Where there's a Will...


Florida forward Will Yeguete returned to practice on Thursday for the first time since his knee surgery.

Matt Stamey/Staff photographer
Published: Friday, March 1, 2013 at 6:01 a.m.
Last Modified: Friday, March 1, 2013 at 12:04 a.m.

Florida junior forward Will Yeguete can smile about it at this point.


Matt Stamey/Staff photographer

Pointing down toward his right knee, Yeguete showed the two dime-shaped scars, a remnant of the arthroscopic procedure he went through to remove bone chips three weeks ago.

“I feel like a kid right now,” Yeguete said. “I'm excited to get out there.”

Three weeks removed from knee surgery, the 6-foot-7 Yeguete is on track to return for Florida's critical showdown against Alabama on Saturday at the O'Connell Center. He went through a full-contact practice on Thursday, his first since undergoing surgery on Feb. 8.

For Yeguete, the motivation to return was strong, considering he missed Florida's Elite Eight run last season after suffering a broken foot in late February against Auburn. He admitted it was agonizing to watch another critical stretch of the season from the bench, but on-and-off knee problems during the course of the 2012-13 season resulted in another surgical procedure. Yeguete had pins inserted after breaking the fifth metatarsal bone in his foot last season.

“I just tried to stay positive,” Yeguete said.

Yeguete is not viewing himself as a savior, even though the Gators sorely missed his defense and rebounding ability off the bench. In the six games that Yeguete has sat out since the surgery, Florida went 4-2. The Gators were outrebounded in four of the six games, while Florida gave up an average of 57.2 points per game, above its season average of 53.5 points per game.

“I'm not putting pressure on myself,” Yeguete said. “I'm just going to go out there and just play. I'm not expecting to play, like, 30 minutes in the first game. I know they know that it's going to be a process. If I only get five or 10 minutes, I'm going to be happy with it and hopefully get better.”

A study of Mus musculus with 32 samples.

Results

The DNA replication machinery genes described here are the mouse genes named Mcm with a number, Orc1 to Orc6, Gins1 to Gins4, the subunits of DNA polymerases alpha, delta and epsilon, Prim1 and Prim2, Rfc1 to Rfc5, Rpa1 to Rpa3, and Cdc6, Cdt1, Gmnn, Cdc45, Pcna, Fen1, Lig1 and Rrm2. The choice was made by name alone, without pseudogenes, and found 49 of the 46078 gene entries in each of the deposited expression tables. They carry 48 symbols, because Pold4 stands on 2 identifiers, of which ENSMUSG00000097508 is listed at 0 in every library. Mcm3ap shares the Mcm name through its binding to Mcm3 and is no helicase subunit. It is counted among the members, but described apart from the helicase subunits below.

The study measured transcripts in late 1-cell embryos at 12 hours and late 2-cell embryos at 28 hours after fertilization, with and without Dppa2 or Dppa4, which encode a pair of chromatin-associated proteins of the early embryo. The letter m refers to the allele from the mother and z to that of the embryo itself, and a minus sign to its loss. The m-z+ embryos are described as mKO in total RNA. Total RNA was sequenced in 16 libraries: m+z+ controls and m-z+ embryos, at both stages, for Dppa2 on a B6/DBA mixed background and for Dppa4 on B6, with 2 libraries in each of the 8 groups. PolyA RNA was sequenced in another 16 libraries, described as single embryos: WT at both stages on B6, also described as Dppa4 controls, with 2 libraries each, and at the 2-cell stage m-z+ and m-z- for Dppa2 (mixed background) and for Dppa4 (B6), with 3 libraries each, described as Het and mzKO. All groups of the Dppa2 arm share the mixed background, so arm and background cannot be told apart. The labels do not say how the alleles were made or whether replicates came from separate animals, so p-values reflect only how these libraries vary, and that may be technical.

The original prognosis was for Yeguete to be re-evaluated at the end of the regular season. But hard work with trainer Dave “Duke” Werner has allowed Yeguete to return to practice sooner than expected. Yeguete said he was able to begin rehabilitation “two or three days” after the surgery.

“I felt great and Duke was telling me I looked good, so I kept doing more rehab,” Yeguete said. “I guess they always told me I was ahead. I was just adding more stuff every day to see how I feel, and I felt great. So I just kept going, kept moving on.”

The only issue has been a knee brace that Yeguete admits feels restrictive.

“I feel like I'm not free, like my knee is still strapped up in something,” Yeguete said. “But if that's what I have to do and it's just the safest thing to do, I'm just going to have to play with it and get used to it. It was a little hard in the beginning, but now I'm probably starting to get used to it.”

But Yeguete said so far the brace hasn't impacted the leaping ability that has helped him average 6.3 rebounds per game this season.

“I did some different defensive slides (Wednesday) and I felt pretty good,” Yeguete said.

Florida coach Billy Donovan said he will continue to take a cautious approach with Yeguete moving forward. Donovan said that if Yeguete didn't look like himself in practice, he wouldn't hesitate holding him out Saturday, or limiting his minutes.

“If he can get back to the form he was in that's a great thing,” Donovan said. “I think sometimes you get your expectations way up and you put the kid in a bad situation. He needs to slowly get himself back.

“Hopefully he can get to that level, but he hasn't shown that yet. If we put all our eggs in one basket … I think that's a mistake.”

Overall, Florida is getting healthier at the right time. Freshman guard Michael Frazier II (concussion) also is due back for the Alabama game, though Frazier did suffer from back spasms in Thursday's practice. Junior forward Casey Prather passed all of his baseline tests for concussion symptoms after taking a blow to the head that drew blood late in UF's 64-58 loss to Tennessee.

Even Florida transfer center Damontre Harris is back for full contact practice, giving starting center Patric Young someone to battle day in and day out in practice. Harris, ineligible to play this season due to NCAA rules, has been unable to practice since undergoing surgery to repair a torn labrum in late October.

Through the injury issues, Florida (22-5, 12-3 Southeastern Conference) remains in position to win just its fourth outright SEC regular-season title in school history.

“We're a physically, mentally tough team,” said Florida senior forward Erik Murphy, who has played through a broken rib. “It's something that's part of coach's whole mentality that seeps into the team. I think he brings that to us, and we embrace that.”